If you’re planning to move to another city, consider converting your primary residence into a rental property. The promise of a steady flow of cash from your tenants is just too good to pass up, and renting out your home is a good way to gain a secondary source of income.

However, turning your house into a rental property isn’t as easy as you would think. There are steps you should take to ensure that your home is ready. Here are three important reminders:

Check your mortgage

The first thing you should do if you want to convert your house into a rental property is to check your mortgage. Different lenders have different rules regarding rental properties. ; According to Quicken Loans, when it comes to your mortgage, one of the biggest considerations is the length of time you’ve lived in the property. With any mortgage, you’ll be asked to sign a document stating that you intend to live in the house as your primary residence for a certain amount of time (usually 1-2 years).

For instance, let’s say your mortgage company required you to live in your primary residence for two years, you might not be permitted to convert that property into a rental before that time expires. If you do so, it could be considered mortgage fraud.

Compliance items

When you’re planning to turn your house into a rental property, there are certain certificates and licenses you need to obtain. In Baltimore City, every rental property must be inspected by a state-certified inspector every one to three years.

According to Baltimore’s Department of Housing & Community Development (DHCD), all residential rental homes (incl. including one- and two-family and multi-family dwellings) need to be inspected, registered, and licensed to ensure that they meet the safety and maintenance requirements.

To receive a rental license from the DHCD, the property must: 1) be registered with the DHCD and 2) be inspected by a licensed inspector. There may be other regulations in your area, and it helps to get yourself educated.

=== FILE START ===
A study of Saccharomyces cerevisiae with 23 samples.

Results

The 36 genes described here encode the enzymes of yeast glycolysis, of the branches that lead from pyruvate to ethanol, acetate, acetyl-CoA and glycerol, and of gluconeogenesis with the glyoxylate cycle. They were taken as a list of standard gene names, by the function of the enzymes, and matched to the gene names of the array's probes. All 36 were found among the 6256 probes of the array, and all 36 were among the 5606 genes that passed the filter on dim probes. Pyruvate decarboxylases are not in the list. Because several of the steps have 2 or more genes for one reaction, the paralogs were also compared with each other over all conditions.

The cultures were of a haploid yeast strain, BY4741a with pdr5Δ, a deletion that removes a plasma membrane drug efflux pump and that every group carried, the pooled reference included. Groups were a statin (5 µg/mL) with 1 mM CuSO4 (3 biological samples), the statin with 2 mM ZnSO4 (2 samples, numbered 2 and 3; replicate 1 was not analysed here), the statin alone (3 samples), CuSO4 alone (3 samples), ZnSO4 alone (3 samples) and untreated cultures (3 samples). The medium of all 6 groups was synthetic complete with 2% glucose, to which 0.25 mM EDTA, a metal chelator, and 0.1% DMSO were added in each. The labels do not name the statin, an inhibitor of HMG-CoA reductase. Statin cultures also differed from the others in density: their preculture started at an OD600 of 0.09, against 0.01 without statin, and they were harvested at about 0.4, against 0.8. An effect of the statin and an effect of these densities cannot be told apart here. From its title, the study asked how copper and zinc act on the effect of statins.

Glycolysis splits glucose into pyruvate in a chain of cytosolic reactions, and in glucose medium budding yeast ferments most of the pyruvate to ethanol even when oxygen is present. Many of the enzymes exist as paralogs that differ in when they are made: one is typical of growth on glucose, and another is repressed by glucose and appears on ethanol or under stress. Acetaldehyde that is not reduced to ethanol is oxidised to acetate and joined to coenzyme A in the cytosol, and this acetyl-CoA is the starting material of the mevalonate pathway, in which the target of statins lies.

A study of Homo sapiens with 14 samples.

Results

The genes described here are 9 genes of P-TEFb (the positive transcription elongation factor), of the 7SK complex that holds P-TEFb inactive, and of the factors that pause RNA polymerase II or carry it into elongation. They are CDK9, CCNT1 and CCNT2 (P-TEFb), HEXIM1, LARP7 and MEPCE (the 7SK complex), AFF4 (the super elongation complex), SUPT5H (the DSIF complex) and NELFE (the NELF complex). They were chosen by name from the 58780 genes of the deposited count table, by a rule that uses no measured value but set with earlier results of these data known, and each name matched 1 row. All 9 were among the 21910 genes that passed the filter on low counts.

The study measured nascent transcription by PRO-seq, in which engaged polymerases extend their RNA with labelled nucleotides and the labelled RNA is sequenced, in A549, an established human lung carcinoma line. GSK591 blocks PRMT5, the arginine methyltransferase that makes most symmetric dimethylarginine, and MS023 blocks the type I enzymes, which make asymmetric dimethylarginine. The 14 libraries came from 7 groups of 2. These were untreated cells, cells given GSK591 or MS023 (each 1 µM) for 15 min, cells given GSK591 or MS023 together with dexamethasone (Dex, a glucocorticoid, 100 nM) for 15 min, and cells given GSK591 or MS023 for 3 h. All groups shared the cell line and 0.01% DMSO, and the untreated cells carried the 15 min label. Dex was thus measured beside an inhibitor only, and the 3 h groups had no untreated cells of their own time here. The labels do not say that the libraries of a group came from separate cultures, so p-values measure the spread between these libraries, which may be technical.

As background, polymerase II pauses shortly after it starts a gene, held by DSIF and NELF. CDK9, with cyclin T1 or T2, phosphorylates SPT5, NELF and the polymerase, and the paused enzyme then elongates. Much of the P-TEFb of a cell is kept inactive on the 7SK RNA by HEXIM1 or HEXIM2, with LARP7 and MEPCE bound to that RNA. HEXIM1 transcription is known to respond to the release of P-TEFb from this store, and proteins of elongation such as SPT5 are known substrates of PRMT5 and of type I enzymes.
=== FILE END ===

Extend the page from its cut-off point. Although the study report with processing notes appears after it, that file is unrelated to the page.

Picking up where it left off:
Make the property move-in ready

Couple moving

Preparing your house for new tenants is more than just cleaning the property. You’ll want to address any maintenance issues, ensure all appliances work properly, remove any personal belongings out of the home, and clean the property thoroughly.

Here are the types of repairs you need to do if you’re planning to become a landlord:

Foundation repair

– When soil swells with rains and humidity contracts with drought, it can put the foundation of your house at risk. Since the foundation is the heart of the home, repairs can get complicated and expensive.

Electrical issues

– These include inadequate overload protection, insufficient electrical service, and dangerous wiring connections.

Termite damage

– Termites eat away the wood around your home, from furniture to skirting boards. Contact a termite control company immediately if you see any signs of termites in your home.

Water damage

– Water damage is a fairly common home repair cost, arising from something as small as a busted pipe to something bigger, like a leaky roof.

Before putting a “for sale” sign in your yard, consider turning your home into a rental property and make money off of it. Following the steps above will help get you and your home ready for future tenants.